Home to captivating landscapes, exotic animals, sophisticated cities, world-renowned vineyards, famous townships, and delicious cuisine, South Africa is a truly fascinating country for a gap year.
Most gappers who choose to spend part of their gap year in South Africa will opt to participate in a volunteer program or indulge in one of the many adventure travel opportunities the country has to offer. However, there are also several world-class universities with programs in English if you'd prefer to spend your gap year learning.
South Africa is a rewarding place to volunteer. It has struggled to recover from the many changes that have developed in the last 20 years and many people live on less than a dollar a day. While townships have started to improve, poverty is still widespread. If you’re an international volunteer in South Africa you will have the opportunity to provide the underprivileged population access to better education and healthcare. Fight for human rights and help build a working infrastructure!
As South Africa's tourism industry has grown over the past decade or so, so has the amount of adventure travel options.
Whether you want to spend your gap year diving, surfing (or learning to surf), trekking, biking, bungee jumping, or spotting wildlife on safari, South Africa has it. Not to mention, they're also known for their shark cage diving in Cape Town. Anyone??
Recently, South Africa’s economy made it to the top 20 in total GDP. South Africa’s economy is on the rise, making it a good place to find an internship. While Cape Town is still a developing city, (many residents live in unsafe and overcrowded conditions) interning in South Africa gives you the unique opportunity to improve the lives of Cape Town's residents. Find an internship that matches your interests and offers you a chance to expand your horizons with cultural and learning activities.
Cost of Living in South Africa
South Africa is cheap when compared to the Western world. Living in urban areas costs in terms of commodities, rentals and leisure activities. The rural areas tend to offer more of a quiet life and there are very cheap places to live in with lots of space. The cost of goods and food products cost only half of those found in supermarkets and grocery stores in the United States.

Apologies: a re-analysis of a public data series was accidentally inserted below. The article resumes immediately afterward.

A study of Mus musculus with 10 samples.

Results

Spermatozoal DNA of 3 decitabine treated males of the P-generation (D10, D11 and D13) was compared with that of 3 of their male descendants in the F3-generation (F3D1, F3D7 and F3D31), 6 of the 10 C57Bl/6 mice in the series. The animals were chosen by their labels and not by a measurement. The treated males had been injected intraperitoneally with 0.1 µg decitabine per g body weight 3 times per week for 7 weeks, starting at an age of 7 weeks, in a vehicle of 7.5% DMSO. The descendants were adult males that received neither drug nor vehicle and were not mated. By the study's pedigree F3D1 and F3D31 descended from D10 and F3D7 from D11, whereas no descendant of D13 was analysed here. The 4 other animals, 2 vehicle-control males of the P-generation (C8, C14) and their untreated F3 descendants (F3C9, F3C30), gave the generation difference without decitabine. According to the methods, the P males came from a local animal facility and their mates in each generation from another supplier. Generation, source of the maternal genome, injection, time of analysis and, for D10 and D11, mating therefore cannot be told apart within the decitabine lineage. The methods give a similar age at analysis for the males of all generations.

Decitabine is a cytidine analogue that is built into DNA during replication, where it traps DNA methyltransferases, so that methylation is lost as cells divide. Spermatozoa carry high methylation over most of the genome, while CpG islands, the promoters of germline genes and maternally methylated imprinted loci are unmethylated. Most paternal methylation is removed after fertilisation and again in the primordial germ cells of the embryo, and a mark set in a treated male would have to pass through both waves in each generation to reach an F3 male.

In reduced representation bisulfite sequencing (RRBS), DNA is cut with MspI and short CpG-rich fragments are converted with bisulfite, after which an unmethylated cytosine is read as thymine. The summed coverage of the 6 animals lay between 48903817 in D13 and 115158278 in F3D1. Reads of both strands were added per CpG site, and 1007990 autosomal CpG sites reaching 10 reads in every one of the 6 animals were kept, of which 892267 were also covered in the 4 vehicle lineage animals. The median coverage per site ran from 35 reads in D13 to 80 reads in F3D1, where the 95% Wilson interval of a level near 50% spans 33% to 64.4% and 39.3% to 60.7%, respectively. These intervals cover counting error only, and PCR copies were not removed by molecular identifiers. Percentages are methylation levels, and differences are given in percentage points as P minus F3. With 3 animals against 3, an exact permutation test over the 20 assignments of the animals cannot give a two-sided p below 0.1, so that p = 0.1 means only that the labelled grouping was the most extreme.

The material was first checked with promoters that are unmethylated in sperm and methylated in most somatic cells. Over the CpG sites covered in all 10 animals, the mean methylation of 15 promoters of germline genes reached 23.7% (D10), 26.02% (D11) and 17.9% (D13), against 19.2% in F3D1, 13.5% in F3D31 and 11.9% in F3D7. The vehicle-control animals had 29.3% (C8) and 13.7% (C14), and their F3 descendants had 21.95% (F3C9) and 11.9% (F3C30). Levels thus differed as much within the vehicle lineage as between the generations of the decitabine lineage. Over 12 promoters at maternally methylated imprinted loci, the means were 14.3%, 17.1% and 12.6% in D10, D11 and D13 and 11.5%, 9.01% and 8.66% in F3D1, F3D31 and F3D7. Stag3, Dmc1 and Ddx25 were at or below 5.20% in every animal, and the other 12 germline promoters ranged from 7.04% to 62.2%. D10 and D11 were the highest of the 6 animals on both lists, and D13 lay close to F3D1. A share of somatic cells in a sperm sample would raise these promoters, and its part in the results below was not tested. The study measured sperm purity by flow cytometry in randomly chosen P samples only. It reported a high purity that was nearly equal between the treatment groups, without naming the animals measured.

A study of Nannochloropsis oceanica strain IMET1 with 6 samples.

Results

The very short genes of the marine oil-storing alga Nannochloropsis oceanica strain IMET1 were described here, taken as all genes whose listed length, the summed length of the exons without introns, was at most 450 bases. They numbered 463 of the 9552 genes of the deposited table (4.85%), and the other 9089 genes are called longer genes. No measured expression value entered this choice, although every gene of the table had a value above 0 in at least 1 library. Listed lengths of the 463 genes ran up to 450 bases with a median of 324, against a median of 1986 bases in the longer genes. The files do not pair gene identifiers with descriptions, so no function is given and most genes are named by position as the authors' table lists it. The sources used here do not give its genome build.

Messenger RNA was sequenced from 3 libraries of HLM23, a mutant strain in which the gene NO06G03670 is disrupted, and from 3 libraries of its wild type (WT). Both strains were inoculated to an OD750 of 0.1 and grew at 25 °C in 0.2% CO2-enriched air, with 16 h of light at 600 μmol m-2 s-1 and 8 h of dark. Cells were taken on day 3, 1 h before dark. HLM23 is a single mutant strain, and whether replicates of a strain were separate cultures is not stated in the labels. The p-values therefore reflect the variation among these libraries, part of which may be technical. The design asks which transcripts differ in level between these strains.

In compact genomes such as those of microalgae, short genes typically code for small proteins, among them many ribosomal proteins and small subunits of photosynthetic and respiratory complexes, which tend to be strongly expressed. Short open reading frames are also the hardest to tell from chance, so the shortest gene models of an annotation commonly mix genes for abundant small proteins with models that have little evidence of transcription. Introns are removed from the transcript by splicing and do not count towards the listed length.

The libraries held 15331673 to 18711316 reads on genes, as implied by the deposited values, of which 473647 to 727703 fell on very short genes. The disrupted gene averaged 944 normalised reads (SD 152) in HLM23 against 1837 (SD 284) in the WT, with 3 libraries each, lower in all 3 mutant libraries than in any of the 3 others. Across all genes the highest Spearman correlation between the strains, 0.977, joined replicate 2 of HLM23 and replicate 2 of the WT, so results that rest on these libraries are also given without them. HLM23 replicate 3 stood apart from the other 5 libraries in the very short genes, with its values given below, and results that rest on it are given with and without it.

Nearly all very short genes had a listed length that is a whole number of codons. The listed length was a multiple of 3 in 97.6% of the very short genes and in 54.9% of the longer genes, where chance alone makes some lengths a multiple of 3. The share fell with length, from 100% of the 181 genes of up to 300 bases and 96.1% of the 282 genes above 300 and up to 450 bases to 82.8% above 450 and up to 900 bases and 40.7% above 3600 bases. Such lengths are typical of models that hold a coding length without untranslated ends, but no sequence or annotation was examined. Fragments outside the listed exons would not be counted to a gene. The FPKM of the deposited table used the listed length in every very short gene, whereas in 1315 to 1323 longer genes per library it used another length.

Typically, budget travelers should expect to spend about $50 per day on food, lodging, transportation, and excursions. However, if you're on a program, some of those items -- particularly food -- may already be included.
Flights, though there are a few direct ones from the States now, will likely be your biggest expense.
Culture and Etiquette in South Africa
Souht Africa's cultures are diverse, but we'll try to cover some general basics here. Greeting styles in South Africa vary depending upon the ethnic heritage of the person. When dealing with foreigners, most South Africans shake hands while maintaining eye contact and smiling.
Business attire has become more informal in many companies. Still, for the first meeting it’s best to dress more conservatively. Men should wear dark colored business suits and women should wear more elegant business suits or dresses.
It’s important to realize that some women do not shake hands, but only nod their head in appreciation. When meeting a woman, it is best to wait for her to extend her hand. Men may also kiss a woman on the cheek if they are well acquainted. In general, greetings are leisurely and include time for the exchange of pleasantries.
In order to travel to South Africa you are required to have a yellow fever vaccine and proof. Make sure to consult a nearby travel clinic well in advance of leaving.
While on the ground, make sure you take precautions to make sure your food and water are clean, and protect yourself against mosquitos. Malaria and dengue fever are both issues here, but you can prevent them by using Deet and sleeping with a mosquito net.
And of course, please practice safe sex and use your judgment when it comes to drinking.
South Africa has a bad rap for being unsafe. Yes, Jo'burg has a comparatively high crime rate, but fortunately, most of the violent crimes occur in isolated areas away from tourist destinations.
To stay safe while in South Africa, be sure to watch your bags in crowded areas, avoid going out at night alone, and talk to locals about which areas are safe and which areas to avoid.
For more tips, head over to the UK Foreign office website.